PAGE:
Finding meaningful work as a military spouse can be complicated, but there are resources that can help.
Active military are not the only people making sacrifices to serve our country. When it comes to steady employment, military spouses are left grappling for jobs and battling to sustain a career. Spouses frequently give up solid employment to relocate to another state with their partners. This was the case for a military spouse, MaiLani Cruz, who was working in Southern California when her husband was transferred to Fort Bliss in El Paso, Texas. With yet another move came uncertainty around finding a job.
Over 35 percent of military spouses work in a field that requires a state-regulated occupational license, which means occupational licensing regimes impose barriers for military spouses to join the labor market. Some states, like Illinois, are enacting laws that stipulate applications for licenses must be reviewed and granted within 60 days. Other states should follow suit.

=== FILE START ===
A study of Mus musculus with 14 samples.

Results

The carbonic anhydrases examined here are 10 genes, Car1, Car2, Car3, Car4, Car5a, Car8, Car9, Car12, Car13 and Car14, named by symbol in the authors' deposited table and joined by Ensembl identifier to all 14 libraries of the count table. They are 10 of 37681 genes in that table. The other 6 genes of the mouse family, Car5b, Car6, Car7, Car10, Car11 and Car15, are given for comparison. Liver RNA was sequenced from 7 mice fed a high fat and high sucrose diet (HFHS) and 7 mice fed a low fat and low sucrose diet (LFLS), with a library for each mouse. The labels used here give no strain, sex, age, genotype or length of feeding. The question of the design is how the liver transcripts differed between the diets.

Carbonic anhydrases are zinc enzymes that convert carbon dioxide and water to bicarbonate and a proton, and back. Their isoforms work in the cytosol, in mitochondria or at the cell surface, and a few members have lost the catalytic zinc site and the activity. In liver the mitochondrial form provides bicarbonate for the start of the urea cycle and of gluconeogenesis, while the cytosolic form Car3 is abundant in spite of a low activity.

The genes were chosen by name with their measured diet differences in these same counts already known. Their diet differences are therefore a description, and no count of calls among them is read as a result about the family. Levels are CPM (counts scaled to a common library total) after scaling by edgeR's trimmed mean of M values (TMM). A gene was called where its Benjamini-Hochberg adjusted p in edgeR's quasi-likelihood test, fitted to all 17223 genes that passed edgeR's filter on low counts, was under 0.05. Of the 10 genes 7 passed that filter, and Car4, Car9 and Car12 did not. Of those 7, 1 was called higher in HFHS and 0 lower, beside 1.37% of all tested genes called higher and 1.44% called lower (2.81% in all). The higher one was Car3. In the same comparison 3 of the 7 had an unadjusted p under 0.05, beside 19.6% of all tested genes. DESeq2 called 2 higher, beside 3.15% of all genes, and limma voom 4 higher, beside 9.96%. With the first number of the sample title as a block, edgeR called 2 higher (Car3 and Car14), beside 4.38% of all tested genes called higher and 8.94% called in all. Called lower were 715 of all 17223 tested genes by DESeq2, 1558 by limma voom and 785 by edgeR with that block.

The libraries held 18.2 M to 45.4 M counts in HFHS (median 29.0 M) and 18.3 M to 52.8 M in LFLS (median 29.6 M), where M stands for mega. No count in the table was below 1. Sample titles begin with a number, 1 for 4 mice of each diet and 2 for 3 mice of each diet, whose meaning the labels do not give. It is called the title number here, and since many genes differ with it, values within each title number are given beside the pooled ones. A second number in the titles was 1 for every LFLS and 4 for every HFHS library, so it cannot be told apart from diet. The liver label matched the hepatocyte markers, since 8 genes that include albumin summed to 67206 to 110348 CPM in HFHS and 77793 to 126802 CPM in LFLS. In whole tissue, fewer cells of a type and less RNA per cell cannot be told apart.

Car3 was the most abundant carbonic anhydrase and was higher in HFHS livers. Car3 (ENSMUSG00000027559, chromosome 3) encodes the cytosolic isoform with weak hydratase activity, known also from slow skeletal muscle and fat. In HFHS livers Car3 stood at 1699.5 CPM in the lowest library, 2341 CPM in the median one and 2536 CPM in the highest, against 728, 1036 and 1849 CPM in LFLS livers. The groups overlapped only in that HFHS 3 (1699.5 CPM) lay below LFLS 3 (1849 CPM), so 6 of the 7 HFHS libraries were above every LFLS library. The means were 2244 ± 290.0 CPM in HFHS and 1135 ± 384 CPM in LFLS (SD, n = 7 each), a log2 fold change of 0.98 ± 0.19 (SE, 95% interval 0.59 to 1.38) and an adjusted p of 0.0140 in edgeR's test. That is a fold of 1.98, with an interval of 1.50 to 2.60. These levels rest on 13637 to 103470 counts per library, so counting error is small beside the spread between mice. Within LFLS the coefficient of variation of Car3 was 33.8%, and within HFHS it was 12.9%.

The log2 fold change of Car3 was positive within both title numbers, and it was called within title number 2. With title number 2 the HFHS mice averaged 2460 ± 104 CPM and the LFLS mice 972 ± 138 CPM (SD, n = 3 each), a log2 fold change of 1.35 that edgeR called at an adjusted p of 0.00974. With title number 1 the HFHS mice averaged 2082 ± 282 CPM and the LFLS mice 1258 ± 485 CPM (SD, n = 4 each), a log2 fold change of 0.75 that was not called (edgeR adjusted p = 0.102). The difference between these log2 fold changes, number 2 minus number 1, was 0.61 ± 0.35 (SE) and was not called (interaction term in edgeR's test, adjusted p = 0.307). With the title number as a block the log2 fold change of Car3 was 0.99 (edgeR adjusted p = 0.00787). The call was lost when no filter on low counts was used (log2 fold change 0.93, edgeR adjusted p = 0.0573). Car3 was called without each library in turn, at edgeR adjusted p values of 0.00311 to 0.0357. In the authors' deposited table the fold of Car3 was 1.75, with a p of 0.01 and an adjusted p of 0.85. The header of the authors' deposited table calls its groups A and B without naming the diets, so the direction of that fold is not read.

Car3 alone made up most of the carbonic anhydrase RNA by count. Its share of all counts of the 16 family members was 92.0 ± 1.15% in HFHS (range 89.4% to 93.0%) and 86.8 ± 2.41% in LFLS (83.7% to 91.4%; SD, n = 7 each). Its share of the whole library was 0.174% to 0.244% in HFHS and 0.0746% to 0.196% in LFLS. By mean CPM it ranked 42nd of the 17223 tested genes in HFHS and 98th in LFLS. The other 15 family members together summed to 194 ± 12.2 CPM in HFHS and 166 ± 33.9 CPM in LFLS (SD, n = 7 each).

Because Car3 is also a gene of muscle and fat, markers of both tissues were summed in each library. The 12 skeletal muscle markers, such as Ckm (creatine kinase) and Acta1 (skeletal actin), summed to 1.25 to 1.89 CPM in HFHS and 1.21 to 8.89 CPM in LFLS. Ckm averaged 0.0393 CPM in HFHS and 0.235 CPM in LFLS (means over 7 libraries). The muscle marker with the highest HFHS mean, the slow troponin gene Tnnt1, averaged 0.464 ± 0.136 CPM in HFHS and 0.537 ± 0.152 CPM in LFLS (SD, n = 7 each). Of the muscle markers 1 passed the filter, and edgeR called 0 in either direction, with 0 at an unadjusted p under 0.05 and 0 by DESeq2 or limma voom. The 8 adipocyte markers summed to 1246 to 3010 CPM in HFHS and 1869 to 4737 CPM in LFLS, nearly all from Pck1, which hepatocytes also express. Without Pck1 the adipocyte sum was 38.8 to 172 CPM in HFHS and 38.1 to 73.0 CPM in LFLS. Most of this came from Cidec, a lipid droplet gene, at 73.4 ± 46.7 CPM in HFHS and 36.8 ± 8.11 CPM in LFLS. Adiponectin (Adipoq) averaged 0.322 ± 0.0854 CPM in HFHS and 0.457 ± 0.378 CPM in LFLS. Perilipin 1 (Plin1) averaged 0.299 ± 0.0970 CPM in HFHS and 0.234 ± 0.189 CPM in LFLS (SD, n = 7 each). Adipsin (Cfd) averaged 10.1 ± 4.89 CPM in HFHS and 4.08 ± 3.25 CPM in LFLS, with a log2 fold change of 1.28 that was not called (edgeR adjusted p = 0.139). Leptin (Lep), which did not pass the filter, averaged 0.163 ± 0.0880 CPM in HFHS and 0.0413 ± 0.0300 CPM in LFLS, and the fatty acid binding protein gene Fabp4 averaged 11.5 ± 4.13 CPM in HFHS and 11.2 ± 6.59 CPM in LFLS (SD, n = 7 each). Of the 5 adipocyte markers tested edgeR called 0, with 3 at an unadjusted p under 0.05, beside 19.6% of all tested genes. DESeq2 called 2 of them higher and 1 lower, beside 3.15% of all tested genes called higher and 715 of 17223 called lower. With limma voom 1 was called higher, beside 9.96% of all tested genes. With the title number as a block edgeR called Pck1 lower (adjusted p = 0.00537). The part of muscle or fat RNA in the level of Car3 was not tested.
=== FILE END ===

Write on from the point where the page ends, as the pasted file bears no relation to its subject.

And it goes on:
When Cruz moved across state lines, she found support through workforce nonprofit Workforce Opportunity Services, a job training program that trains and places veterans and military spouses in jobs at top corporations. After 16-weeks of accelerated training with the organization, she took and passed two certifications vital to any role in project management. She now works full-time at Prudential Financial, and should her husband be relocated in the future, she has the skills and necessary certifications to land and sustain a career in project management.
According to Cruz, “My husband serves to take care of us and I will move and change careers as often as I have to in order to keep us together.”
Another important element to supporting working military spouses takes into account their mental health. The stresses of managing a family solo, uncertainty of their spouses’ safety during deployment, and frequent need to relocate on short notice can take a toll on one’s well-being. With so much to juggle it’s not surprising that one study found 78 percent of spouses studied reported depression and 44 percent reporting unaddressed mental health needs.
Employers can help by sponsoring confidential support groups, which can be led by qualified mental health professionals or self-run by employees. Support groups provide an opportunity for people to share personal experiences and coping strategies, as well as serve as a reminder that they are not alone.